DLS 2011
Sat 22 - Thu 27 October 2011 Portland, Oregon, United States
co-located with SPLASH 2011

External Url https://dynamic-languages-symposium.org/dls-11/cfp/index.html

Welcome to the 2011 Dynamic Languages Symposium. This year’s symposium is the 7th of its kind and continues the tradition of being the premier forum for advances in dynamic programming languages.

We received 19 submissions out of which our program committee accepted nine papers. They cover languages from Scheme to JavaScript but also more general aspects of dynamic languages such as just-in-time compilation, memory management, types and type inference, and of course parallel processing.

The symposium hosts two invited speakers—Gilad Bracha will kick off DLS 2011 and speak about the Dart programming language; in the afternoon David Ungar will challenge your knowledge about parallel programming.

DLS 2011 promises to fill a full day with new and exciting material. It is bound to live up to its name and offer a truly dynamic program. Most of all we hope that the symposium will provide you with an opportunity to share ideas with other dynamic language researchers and practitioners from institutions around the world.

Theo D’Hondt
DLS 2011 Program Chair
Vrije Universiteit Brussel

Call for Papers

The 7th Dynamic Languages Symposium (DLS) at SPLASH 2011 is a forum for discussion of dynamic languages, their implementation and application. While mature dynamic languages including Smalltalk, Lisp, Scheme, Self, Prolog, and APL continue to grow and inspire new converts, a new generation of dynamic scripting languages such as Python, Ruby, PHP, Tcl, Lua, and JavaScript are successful in a wide range of applications. DLS provides a place for researchers and practitioners to come together and share their knowledge, experience, and ideas for future research and development.

DLS 2011 invites high quality papers reporting original research, innovative contributions or experience related to dynamic languages, their implementation and application. Accepted Papers will be published in the ACM Digital Library.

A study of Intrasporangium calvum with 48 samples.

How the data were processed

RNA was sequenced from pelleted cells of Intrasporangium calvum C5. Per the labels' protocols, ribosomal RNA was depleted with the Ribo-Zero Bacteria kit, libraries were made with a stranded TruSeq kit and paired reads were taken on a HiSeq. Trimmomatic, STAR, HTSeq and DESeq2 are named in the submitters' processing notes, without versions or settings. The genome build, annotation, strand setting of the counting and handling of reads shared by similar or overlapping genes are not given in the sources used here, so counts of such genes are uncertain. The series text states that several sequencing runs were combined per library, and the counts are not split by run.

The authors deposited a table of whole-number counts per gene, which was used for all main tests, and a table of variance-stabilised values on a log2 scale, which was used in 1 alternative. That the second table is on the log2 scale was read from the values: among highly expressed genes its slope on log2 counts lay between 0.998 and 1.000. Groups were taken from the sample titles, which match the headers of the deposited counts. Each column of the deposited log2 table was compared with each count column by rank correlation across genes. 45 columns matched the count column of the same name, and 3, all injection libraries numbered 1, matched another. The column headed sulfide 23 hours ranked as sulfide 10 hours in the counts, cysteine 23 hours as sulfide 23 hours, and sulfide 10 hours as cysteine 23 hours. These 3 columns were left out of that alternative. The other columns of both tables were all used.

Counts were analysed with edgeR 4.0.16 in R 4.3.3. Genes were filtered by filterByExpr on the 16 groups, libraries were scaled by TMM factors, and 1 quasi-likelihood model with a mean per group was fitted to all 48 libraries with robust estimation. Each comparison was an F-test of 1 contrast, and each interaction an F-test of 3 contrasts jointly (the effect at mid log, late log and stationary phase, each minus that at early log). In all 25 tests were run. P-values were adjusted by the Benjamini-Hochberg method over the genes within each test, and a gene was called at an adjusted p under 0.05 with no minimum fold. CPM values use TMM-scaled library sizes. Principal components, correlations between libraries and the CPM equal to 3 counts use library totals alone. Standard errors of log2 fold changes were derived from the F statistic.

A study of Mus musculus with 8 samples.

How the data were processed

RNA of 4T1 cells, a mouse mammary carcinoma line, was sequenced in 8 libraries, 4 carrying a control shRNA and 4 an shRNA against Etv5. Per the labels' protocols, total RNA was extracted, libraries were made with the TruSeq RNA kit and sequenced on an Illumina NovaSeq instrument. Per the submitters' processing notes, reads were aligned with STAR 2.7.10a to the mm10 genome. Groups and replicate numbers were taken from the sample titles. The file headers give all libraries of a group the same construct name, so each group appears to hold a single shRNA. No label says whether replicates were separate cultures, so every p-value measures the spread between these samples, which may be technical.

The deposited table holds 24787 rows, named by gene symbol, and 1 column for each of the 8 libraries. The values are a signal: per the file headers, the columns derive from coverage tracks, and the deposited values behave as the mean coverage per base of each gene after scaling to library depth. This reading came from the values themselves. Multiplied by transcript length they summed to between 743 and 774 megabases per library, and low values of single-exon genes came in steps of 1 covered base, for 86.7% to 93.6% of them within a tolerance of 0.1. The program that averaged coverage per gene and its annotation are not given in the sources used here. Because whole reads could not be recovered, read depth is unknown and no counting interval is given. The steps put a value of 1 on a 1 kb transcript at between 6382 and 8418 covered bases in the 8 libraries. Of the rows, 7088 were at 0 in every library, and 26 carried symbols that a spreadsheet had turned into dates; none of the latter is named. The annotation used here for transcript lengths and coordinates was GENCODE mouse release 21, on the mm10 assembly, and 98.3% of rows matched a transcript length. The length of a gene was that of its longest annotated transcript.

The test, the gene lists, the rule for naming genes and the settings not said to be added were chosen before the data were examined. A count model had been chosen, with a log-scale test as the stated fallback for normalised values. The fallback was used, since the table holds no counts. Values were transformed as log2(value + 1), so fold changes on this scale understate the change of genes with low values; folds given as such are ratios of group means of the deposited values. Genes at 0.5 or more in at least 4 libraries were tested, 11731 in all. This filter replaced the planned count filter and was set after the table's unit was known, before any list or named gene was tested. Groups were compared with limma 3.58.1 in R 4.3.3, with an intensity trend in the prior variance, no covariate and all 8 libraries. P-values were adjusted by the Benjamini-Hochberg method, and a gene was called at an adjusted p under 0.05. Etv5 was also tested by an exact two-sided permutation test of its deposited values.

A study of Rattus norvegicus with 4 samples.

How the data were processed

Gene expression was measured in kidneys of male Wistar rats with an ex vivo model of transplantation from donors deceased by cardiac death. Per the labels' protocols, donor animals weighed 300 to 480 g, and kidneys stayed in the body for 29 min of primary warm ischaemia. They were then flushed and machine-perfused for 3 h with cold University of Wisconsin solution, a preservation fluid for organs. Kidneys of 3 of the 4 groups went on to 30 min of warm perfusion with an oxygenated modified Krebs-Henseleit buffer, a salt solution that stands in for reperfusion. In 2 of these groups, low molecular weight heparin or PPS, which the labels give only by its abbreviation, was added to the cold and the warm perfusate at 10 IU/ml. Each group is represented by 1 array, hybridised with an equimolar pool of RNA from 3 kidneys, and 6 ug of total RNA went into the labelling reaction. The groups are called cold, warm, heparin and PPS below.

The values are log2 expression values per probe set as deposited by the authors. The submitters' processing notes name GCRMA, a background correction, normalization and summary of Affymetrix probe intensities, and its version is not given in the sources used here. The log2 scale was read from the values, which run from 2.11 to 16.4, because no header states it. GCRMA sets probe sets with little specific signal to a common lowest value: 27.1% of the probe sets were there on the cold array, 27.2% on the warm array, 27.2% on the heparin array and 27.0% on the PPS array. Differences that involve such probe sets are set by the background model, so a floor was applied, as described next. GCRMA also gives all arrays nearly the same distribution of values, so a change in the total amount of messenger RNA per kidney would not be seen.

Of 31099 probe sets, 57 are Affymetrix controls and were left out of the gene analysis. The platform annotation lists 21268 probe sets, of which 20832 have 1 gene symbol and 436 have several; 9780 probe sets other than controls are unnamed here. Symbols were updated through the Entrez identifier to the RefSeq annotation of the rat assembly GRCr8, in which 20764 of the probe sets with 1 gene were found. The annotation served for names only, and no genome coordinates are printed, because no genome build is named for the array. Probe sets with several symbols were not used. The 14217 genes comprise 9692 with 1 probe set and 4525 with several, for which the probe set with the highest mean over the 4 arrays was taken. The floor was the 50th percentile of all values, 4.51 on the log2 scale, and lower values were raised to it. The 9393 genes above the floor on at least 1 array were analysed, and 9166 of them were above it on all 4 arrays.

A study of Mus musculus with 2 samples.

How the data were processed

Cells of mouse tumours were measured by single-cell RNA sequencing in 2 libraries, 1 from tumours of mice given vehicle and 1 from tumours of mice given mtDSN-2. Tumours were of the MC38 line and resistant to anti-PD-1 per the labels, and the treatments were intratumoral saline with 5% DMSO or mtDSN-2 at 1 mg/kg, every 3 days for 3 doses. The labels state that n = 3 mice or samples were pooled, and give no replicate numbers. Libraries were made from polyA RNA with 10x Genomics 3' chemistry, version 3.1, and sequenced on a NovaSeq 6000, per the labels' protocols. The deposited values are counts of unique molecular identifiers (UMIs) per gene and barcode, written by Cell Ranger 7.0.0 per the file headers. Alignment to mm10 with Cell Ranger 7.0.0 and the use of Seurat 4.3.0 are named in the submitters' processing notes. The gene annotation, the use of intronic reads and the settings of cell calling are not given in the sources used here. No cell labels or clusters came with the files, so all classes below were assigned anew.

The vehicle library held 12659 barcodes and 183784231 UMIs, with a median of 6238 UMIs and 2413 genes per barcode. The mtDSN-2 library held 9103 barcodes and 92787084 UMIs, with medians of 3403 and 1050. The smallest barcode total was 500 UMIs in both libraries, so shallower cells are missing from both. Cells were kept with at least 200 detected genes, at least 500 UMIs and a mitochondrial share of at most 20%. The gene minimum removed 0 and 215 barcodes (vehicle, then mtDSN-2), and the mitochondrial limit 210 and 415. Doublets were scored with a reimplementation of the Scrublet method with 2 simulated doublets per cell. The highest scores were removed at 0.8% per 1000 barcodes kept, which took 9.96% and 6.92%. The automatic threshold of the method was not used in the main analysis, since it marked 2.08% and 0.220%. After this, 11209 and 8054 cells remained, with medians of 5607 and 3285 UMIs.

Areas of interest include but are not limited to:

  • Innovative language features and implementation techniques
  • Development and platform support, tools
  • Interesting applications
  • Domain-oriented programming
  • Very late binding, dynamic composition, and runtime adaptation
  • Reflection and meta-programming
  • Software evolution
  • Language symbiosis and multi-paradigm languages
  • Dynamic optimization
  • Hardware support
  • Experience reports and case studies
  • Educational approaches and perspectives
  • Object-oriented, aspect-oriented, and context-oriented programming

Submissions and proceedings

We invite original contributions that neither have been published previously nor are under review by other refereed events or publications. Research papers should describe work that advances the current state of the art. Experience papers should be of broad interest and should describe insights gained from substantive practical applications. The program committee will evaluate each contributed paper based on its relevance, significance, clarity, and originality.

Accepted papers will be published in the ACM Digital Library.

Papers are to be submitted electronically at http://www.easychair.org/conferences?conf=dls11 in PDF format. Submissions must not exceed 12 pages and need to use the ACM format, templates for which can be found at http://www.sigplan.org/authorInformation.htm.